Chinese tech giant Huawei is at the centre of a technology cold war, and now consumers have been dragged into it.
The company is the pride of China, with annual sales of more than $150 billion, employing 180 thousand people in more than 170 countries. More than three billion people use Huawei’s services and products. It’s the world’s largest supplier of telecoms equipment, and the world’s second largest smartphone producer, behind Samsung – and ahead of Apple. It is also the global leader – by a long way – in 5G technology, which promises to be a leap forward in the industry.
“In New Zealand we know them for providing the network that 2degrees uses today,” says Paul Spain, who runs tech company Gorilla.
“Up until recently they were on an incredible trajectory, but of course that’s now very much in doubt.”
Huawei has been black-listed by US President Donald Trump – accused of spying for China. There’s now a de-facto ban on US companies dealing with Huawei.
The last 18 months have been marked by a long list of controversies around the world, mostly centred on 5G.
The United States is urging its allies to drop Huawei from networks, claiming the company is an arm of the Chinese Government. In New Zealand, the GCSB has rejected Spark’s bid to use Huawei equipment on the new 5G network, citing security risks.
This month Google banned popular apps such as YouTube for new Huawei handsets – meaning anyone who buys them won’t get their favourite apps, and won’t get security updates.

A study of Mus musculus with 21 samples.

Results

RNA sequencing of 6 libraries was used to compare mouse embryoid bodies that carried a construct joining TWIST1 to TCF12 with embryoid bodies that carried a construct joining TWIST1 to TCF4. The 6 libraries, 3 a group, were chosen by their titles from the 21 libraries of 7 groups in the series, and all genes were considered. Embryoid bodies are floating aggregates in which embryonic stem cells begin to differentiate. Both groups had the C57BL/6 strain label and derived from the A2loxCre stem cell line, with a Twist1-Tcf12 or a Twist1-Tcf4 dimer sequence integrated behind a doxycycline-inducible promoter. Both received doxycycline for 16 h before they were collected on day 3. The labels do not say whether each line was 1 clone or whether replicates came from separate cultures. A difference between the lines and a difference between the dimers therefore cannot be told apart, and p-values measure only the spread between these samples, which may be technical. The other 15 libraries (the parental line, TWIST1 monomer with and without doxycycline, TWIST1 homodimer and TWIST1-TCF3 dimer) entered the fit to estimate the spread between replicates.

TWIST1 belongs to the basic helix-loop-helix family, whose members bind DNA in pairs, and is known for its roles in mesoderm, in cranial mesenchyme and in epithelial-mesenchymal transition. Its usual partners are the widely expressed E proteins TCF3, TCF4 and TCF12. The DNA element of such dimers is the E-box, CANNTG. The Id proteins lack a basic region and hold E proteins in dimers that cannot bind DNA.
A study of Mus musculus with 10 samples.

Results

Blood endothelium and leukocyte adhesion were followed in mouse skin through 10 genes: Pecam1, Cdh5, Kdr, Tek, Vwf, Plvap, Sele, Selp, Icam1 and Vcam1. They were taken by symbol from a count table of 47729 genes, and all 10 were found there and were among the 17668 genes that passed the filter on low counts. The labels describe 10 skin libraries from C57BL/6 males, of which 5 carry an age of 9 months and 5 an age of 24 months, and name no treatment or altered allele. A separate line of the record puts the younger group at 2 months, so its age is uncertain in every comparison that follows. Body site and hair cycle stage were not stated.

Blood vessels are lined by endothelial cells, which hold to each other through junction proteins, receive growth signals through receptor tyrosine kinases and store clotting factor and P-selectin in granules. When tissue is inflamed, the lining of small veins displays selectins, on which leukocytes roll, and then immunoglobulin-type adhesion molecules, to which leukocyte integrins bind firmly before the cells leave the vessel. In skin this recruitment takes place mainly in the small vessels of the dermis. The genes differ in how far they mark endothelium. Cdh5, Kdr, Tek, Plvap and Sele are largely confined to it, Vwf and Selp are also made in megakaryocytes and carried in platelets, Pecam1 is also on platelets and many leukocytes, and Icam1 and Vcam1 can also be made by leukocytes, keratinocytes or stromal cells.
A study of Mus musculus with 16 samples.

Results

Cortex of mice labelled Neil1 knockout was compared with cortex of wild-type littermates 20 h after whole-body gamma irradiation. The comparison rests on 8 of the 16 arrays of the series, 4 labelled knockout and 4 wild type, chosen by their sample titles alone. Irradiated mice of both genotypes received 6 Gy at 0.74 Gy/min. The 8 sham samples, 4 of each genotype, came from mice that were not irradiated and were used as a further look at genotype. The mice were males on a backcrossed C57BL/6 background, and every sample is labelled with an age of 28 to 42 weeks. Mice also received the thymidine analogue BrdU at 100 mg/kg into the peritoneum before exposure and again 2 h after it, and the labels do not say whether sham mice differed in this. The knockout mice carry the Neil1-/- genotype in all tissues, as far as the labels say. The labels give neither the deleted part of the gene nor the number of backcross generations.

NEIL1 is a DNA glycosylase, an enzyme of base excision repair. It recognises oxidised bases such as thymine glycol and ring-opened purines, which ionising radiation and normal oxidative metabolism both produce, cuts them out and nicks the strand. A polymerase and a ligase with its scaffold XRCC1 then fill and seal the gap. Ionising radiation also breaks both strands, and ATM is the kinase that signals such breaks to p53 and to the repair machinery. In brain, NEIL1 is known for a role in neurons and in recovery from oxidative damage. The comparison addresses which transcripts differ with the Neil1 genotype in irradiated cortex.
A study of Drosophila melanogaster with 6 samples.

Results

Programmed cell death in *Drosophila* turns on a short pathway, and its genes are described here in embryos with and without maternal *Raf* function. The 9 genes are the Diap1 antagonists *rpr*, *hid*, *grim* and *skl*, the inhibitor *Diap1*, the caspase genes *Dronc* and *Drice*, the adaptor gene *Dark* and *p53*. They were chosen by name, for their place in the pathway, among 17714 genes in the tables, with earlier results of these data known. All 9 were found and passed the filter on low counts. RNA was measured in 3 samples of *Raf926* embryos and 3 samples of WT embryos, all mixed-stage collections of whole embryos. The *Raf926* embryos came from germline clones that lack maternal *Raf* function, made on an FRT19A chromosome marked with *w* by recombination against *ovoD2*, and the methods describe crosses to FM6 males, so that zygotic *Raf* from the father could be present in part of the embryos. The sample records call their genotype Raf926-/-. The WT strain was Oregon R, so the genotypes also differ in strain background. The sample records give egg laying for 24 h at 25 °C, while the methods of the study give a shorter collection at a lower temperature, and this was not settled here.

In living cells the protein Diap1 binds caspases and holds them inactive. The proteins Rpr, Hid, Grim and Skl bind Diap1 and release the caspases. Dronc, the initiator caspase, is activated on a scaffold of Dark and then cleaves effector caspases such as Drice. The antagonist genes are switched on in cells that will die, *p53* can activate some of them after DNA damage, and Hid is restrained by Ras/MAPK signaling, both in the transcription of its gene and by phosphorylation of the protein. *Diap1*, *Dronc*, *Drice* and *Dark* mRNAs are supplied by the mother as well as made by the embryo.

The US action against the Chinese company could be because of security and spying concerns – or it could be a commercial move to try to stop in its tracks the company that is by far the world leader in 5G, and which is cutting out the big American tech brands who can’t do any business in China.
“It certainly would not be unfair to join the dots and say, well this is why we are seeing the current actions being taken, why Huawei’s being blacklisted,” says Spain.
“In New Zealand we have between 10 and 20 percent of the population with a Huawei handset in their pocket so that’s quite attention grabbing to say your phone might not work properly for too long. But [it] may have a much broader impact – a very high percentage of New Zealand phones have ultra-fast broadband connections for instance, and if it’s from Vodafone or Spark then there’s a pretty high chance they have a Huawei router that connects them to the internet. Those routers I’m sure will rely on an element of American technology.”
There are worrying aspects of Huawei’s technology, including Chinese law that may force individuals to comply with requests to spy. And Spain says it wouldn’t be too difficult for the company that controls software to install an app on your phone that captures audio, video and emails and passing it off at certain times – which would be a concern.
But Spain says the US also has some debatable operations – just look at Guantanamo Bay.
And he asks, which government do we trust?
“Commonly people say 'look, I don’t trust any of them, so let whoever it is spy, I just want to be able to choose whatever works for me, and I like this phone so I’m going to buy it – and I’ll accept that maybe they’re listening in to everything I do'.”